How to Remove Interior Trim

Expert, step-by-step illustrated guide shows you how to remove interior trim without damaging the trim or the wall. 

If moldings and trim are badly damaged, it’s best to replace them. This work isn’t particularly difficult, but it does take a little experience at making accurate cuts using a miter box. If this isn’t something you have done before, you’re probably better off calling a finish carpenter or cabinetmaker to do the work.

remove interior trim prybar

First insert a prybar behind the trim and pry the against a small wood block.

If you are removing molding and trim as part of a remodel with the intention of reusing them, you may be able to save a few dollars by doing the work yourself.

If paint is binding the molding to the wall, use a utility knife to score the paint along the edges of the molding. Then use a stiff putty knife to separate the molding slightly from the wall and create a space for a pry bar. Slide the putty knife back and forth until you hit the finishing nails that hold the molding to the wall and then follow these steps.

How to Remove Baseboard

1Insert a pry bar at one set of nails and place a scrap of wood behind the bar to protect the wall. Pry gently outward to bow the molding away from the wall and loosen the nails. Move to the next set of nails and repeat the process until you’ve loosened the molding along its entire length.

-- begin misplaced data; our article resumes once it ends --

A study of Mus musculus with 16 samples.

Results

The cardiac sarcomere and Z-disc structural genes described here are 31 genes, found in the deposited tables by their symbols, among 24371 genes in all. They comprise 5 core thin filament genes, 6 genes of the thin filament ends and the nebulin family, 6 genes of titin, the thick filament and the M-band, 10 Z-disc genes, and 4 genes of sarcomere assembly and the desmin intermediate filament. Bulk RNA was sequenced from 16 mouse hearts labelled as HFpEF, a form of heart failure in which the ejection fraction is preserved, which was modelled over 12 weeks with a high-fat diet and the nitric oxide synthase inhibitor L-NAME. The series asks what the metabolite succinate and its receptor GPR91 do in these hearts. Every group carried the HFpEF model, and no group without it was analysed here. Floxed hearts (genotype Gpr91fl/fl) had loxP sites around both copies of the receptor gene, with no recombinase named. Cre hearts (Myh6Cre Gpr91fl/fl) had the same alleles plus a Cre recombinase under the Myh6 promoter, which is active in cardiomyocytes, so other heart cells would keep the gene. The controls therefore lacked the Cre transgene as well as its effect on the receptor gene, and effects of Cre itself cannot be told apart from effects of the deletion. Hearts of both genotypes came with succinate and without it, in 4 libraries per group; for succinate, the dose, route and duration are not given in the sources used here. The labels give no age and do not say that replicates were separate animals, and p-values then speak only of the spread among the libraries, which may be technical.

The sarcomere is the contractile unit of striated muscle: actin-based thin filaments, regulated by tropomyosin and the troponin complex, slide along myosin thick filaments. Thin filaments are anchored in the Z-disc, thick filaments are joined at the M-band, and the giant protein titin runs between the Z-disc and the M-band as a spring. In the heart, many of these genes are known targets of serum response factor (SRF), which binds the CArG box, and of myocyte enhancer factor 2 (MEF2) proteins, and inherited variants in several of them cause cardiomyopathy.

If a nail won’t pry out, use a nailset to drive it deep into the trim, then pry away the trim.

 

2Sometimes the nails won’t loosen, and prying will cause the nails to pull through the molding. If the nails are stuck, use a nailset to drive them about three quarters of the way through the molding’s thickness. You need not go all the way through.

 

 

You can ease molding away from the wall by prying in two locations.

 

 

3Work with a pair of pry bars to remove the molding, leapfrogging the bars in turn to gradually ease the molding away from the wall without cracking or breaking it. With the molding off, use a hammer or pry bar to remove any nails that remain in the wall. Label each piece as you remove it so you know where to replace it later.

 

Removing Door and Window Trim

Door and window trim is often nailed with a small nail at the mitered corners. If you pry at these points, the wood may split. First, use a mini-hacksaw to cut off the nails at the joint. If you do end up splitting trim when removing it, just glue it together and then put a rubber band around it or tape it with masking tape until the glue dries.